Release date:2023-05-19

    Reproductive aging in female mammals is an irreversible process associated with declining oocyte quality, which is the rate-limiting factor to fertility. Here, we show that this loss of oocyte quality with age accompanies declining levels of the prominent metabolic cofactor nicotinamide adenine dinucleotide (NAD+). Treatment with the NAD+ metabolic precursor nicotinamide mononucleotide (NMN) rejuvenates oocyte quality in aged animals, leading to restoration in fertility, and this can be recapitulated by transgenic overexpression of the NAD+-dependent deacylase SIRT2, though deletion of this enzyme does not impair oocyte quality. These benefits of NMN extend to the developing embryo, where supplementation reverses the adverse effect of maternal age on developmental milestones. These findings suggest that late-life restoration of NAD+ levels represents an opportunity to rescue female reproductive function in mammals.

    Declining oocyte quality is considered an irreversible feature of aging and is rate limiting for human fertility. Bertoldo et al. show that reversing an age-dependent decline in NAD(P)H restores oocyte quality, embryo development, and functional fertility in aged mice. These findings may be relevant to reproductive medicine.

    Increasing maternal age and subsequent infertility have rapidly become a significant challenge to family planning, as a result of the irreversible decline in female fertility in mammals. The rate-limiting factor for successful pregnancy is oocyte quality, which significantly declines from late in the third decade of life in humans (). Despite the enormous demand, there are no clinically viable strategies to either preserve or rejuvenate oocyte quality during aging, which is defined by the capacity of the oocyte to support meiotic maturation, fertilization, and subsequent embryonic development. A non-invasive, pharmacological treatment to maintain or restore oocyte quality during aging would alleviate a rate-limiting barrier to pregnancy with increasing age that has driven demand for assisted reproduction technologies (ARTs) such as in vitro fertilization (IVF), which is invasive, carries health risks (), is expensive, and has a limited success rate.

    Although somatic tissues undergo continual regeneration through turnover by a self-renewing population of resident precursor stem cells, oocytes in the ovary are laid down during in utero development in humans, where they form a finite pool that does not undergo self-renewal. Oocytes are therefore highly susceptible to age-related dysfunction. The molecular basis for the decline in oocyte quality with advancing age implicates genome instability, reduced mitochondrial bioenergetics, increased reactive oxygen species (ROS), and disturbances during meiotic chromosome segregation due to compromised function of the spindle assembly checkpoint (SAC) surveillance system (). The molecular cause of chromosome mis-segregation in oocytes with advancing age is still unknown, and as a result, there are no pharmacological strategies to correct this problem. Understanding the molecular or metabolic basis of this defect could lead to therapies that could maintain or even rescue female fertility with advancing age.

    The metabolite nicotinamide adenine dinucleotide (NAD+/NADH) is a prominent redox cofactor and enzyme substrate that is essential to energy metabolism, DNA repair, and epigenetic homeostasis. Levels of this essential cofactor decline with age in somatic tissues (), and reversing this decline through treatment with metabolic precursors for NAD+ has gained attention as a treatment for maintaining late-life health (). Here, we demonstrate that autofluorescence of NADH and its phosphorylated form NADPH declines in oocytes with age, and we delineate a role for NAD+ and a potential role for the NAD+-consuming enzyme SIRT2 as mediators of fertility that are open to pharmacological intervention.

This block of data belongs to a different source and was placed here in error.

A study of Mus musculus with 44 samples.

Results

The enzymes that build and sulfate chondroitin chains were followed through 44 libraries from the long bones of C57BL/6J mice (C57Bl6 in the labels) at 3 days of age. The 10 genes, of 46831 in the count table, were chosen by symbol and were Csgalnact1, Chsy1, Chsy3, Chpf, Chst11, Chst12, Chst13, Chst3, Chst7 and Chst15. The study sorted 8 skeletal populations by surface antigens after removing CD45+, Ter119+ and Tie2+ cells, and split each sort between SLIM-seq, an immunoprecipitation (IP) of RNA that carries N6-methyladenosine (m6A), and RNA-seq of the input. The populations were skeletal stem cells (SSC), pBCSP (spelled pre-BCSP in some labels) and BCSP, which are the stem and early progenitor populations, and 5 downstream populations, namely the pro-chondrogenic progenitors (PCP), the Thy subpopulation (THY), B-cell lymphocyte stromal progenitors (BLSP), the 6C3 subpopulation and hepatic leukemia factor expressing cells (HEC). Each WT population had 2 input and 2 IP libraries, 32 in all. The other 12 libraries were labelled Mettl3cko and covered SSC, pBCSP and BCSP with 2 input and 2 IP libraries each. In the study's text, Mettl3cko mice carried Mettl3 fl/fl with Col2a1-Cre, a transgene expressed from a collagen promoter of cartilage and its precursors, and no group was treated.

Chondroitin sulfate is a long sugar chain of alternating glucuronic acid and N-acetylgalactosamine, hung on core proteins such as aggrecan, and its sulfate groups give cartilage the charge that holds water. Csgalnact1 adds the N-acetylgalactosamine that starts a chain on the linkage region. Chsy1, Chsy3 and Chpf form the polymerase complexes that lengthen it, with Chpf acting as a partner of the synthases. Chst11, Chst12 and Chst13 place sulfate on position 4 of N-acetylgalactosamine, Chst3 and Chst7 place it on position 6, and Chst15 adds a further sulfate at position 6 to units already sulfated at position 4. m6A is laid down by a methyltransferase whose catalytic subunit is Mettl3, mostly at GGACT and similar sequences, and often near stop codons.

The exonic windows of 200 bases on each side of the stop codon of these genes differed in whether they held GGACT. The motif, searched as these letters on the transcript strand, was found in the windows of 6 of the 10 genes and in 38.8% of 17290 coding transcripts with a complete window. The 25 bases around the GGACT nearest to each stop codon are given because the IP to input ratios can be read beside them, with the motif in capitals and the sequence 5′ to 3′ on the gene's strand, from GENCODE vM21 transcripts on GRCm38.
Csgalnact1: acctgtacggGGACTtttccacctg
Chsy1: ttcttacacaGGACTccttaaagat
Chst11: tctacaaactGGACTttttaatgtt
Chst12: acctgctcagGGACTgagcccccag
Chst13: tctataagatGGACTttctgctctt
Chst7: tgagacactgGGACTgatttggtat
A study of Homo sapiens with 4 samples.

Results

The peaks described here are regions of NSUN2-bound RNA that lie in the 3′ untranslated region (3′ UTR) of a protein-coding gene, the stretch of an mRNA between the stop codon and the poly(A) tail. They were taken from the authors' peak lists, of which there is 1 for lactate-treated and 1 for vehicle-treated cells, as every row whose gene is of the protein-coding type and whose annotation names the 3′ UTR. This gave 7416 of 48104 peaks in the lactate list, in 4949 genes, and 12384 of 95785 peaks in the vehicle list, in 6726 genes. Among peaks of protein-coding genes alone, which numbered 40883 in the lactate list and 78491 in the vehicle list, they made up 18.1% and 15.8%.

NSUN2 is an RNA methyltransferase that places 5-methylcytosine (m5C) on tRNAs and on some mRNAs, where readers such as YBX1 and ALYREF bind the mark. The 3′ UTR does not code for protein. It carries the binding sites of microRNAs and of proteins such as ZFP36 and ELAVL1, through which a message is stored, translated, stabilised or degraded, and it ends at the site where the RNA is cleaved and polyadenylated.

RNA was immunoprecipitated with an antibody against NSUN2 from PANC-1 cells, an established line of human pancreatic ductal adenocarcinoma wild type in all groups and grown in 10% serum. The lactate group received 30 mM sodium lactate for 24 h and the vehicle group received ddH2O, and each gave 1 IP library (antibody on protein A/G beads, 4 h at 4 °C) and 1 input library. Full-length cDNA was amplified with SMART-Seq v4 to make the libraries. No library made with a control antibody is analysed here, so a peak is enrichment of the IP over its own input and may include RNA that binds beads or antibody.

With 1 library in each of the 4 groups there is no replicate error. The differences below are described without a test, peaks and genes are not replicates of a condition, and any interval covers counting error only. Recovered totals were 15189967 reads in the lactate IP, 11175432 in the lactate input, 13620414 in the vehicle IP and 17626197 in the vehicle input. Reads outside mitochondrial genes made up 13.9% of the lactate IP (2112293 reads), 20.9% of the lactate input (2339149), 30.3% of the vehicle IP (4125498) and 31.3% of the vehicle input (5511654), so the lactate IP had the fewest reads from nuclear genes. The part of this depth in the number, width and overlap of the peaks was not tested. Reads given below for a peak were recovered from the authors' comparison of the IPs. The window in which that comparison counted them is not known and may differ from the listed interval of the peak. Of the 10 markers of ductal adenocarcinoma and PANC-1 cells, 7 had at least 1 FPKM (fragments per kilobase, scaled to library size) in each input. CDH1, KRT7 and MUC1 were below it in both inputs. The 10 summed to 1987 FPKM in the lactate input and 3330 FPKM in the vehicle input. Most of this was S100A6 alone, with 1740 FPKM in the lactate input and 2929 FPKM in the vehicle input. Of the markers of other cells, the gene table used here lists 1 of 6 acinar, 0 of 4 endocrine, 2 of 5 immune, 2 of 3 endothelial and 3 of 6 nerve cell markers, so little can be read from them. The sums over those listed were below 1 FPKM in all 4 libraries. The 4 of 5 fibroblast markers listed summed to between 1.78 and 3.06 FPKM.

We sought to determine whether NAD+ declined in oocytes with age, contributing to infertility and declining oocyte quality, and whether this could be reversed through treatment with the NAD+ precursor nicotinamide mononucleotide (NMN) (). To address these questions, we used mice, whose fertility starts to decline around 8 months of age due to oocyte defects that are similar to those in humans (). Because of the bioanalytical challenges of measuring NAD+ levels in individual oocytes, we used hyperspectral microscopy imaging techniques that exploit the autofluorescence of NADH and NADPH (). Twelve-month-old females were treated with NMN in drinking water (2 g/L) for 4 weeks, following which mature metaphase-II (MII) oocytes were recovered and subjected to multispectral microscopy imaging of autofluorescence to determine the relative abundances of native fluorophores (Figure 1A). Consistent with our hypothesis, we found that NAD(P)H levels declined in oocytes from aged animals, compared with young (4- to 5-week-old) animals, and NMN treatment increased NAD(P)H levels in oocytes from aged animals (Figure 1B). We next sought to determine whether this trend occurred across the entire ovary, rather than in oocytes alone. Using mass spectrometry, we did not observe a decline in whole ovary NAD(H) levels with age (Figure 1C), suggesting that the oocyte represents an especially vulnerable subunit of the ovary that is subject to an age-related decline in NAD+, in contrast to the surrounding stroma that makes up the bulk of ovarian tissue. Consistent with data from hyperspectral imaging of individual oocytes, NMN treatment increased NAD+ levels in the whole ovary, as would be expected following systemic delivery (Figure 1D).